Harold Ford checks out the stage at the Mohawk Theater on Friday afternoon. Harold Ford and the Cash Band will play in the empty movie house on Sept. 29.
NORTH ADAMS, Mass. — The man in black swung up his guitar in the dusty theater and belted out a stanza of "Folsom Prison Blues."
"The acoustics in here ...," said a pleased Harold Ford as trod across the stage and dived into "Get Rhythm."
Ford was taking the temperature of the Mohawk Theater on Friday in preparation for a benefit concert Saturday, Sept. 29, that will see "The Spirit of Johnny Cash" return to the historic venue.
The singer said he's not into ghosts and spirits, per se, but he was getting a vibe from the man whose music has changed his life these past few years.
"I'm sort of sensitive to a ghostly feeling. There seems to be some sort of energy here," said Ford, standing the largely empty shell of the former movie house. "It really puts me in the mood. [Cash] was the last person to do 'Folsom Prison Blues' here and I'm the one going to bring it back."
"This is really exceptional," said Gina Grillo, Ford's agent/manager. "We're really honored to be here and be part of the renovation."
Ford wondered if it was fate that led his tribute band to the same stage where Cash once played. It certainly seems like it, fate being the presence of Joseph Low.
The two have a few things in common. One is geography — Ford's a former logger working out of the Northwest, Low was raised on a Wyoming ranch outside of Laramie, but both also have roots in this region. Two: They both admire Johnny Cash and sing with his deep voice.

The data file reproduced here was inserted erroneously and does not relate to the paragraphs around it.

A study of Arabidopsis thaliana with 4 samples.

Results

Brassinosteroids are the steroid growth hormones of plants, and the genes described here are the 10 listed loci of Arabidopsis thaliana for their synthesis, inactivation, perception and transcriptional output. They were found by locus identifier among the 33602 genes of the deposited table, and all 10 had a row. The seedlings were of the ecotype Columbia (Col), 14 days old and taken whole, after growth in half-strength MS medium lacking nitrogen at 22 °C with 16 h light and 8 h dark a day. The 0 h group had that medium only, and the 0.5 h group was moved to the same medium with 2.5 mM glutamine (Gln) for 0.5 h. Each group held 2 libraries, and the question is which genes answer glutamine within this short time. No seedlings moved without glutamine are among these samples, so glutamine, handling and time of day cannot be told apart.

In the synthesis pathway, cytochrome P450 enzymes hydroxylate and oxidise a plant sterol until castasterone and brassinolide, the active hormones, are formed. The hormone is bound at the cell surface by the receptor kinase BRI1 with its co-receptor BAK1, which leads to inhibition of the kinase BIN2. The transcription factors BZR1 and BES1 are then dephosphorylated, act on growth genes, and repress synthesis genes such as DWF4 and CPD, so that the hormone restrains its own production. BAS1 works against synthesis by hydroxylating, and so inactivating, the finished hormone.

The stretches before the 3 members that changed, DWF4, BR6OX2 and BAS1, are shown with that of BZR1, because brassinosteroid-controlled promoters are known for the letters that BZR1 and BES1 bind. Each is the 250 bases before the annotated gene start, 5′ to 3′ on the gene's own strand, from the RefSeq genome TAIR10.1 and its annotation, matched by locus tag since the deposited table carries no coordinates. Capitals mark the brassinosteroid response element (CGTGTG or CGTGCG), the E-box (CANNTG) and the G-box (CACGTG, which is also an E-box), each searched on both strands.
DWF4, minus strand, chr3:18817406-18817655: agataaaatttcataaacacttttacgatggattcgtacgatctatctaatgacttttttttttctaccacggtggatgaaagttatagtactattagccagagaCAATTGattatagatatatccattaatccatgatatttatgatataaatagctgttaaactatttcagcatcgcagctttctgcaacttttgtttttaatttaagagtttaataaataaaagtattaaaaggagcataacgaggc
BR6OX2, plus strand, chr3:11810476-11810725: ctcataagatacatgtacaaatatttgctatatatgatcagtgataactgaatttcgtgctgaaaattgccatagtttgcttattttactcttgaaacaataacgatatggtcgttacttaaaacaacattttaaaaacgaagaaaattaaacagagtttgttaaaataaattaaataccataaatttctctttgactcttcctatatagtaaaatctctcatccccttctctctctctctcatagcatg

Low likes to say he "drove east to Williams College with 16 cases of Coors beer and a bunch of 33 Johnny Cash albums." He'd spread his love for Cash music throughout the campus during a stint as DJ on the college radio station in 1957-58.
Ford, meanwhile, was a musician with a low profile, playing for family and friends until Grillo, also his fiancee, pushed him to sing at an open mike night three years ago. He sang "Folsom Prison Blues" and was stunned by the audience response. A few weeks later, Harold Ford and the Cash Band — including Grillo's daughter, Laura Lucy, doing the vocals of June Carter Cash — was born.
Two years ago, the band was playing at a packed church-turned-theater in Salem, N.Y., when Low called Grillo for tickets. He snapped up the last two — and left wondering how to "get Johnny Cash to North Adams."
"I said this would be a perfect venue for a fundraiser," said Low, leaning on the newly extended Mohawk stage. The next step would be to blend in Mayor Richard Alcombright's efforts on the Mohawk and his own wish to help the Williamstown Rural Lands Foundation, where his wife also serves on the board.
"I can't think of two better groups," said Low, noting both efforts are tied to preservation, one a historic building and the other, pristine lands.
Sue Killam of Massachusetts Museum of Contemporary Arts, which is providing lighting, sound, and box office services, said some 20 video interviews about the theater were made during last month's Downtown Celebration. The interviews will be woven into a video and shown sometime before or during the concert.
Before the party left, Ford looked around the theater, sizing it up and feeling the spirit.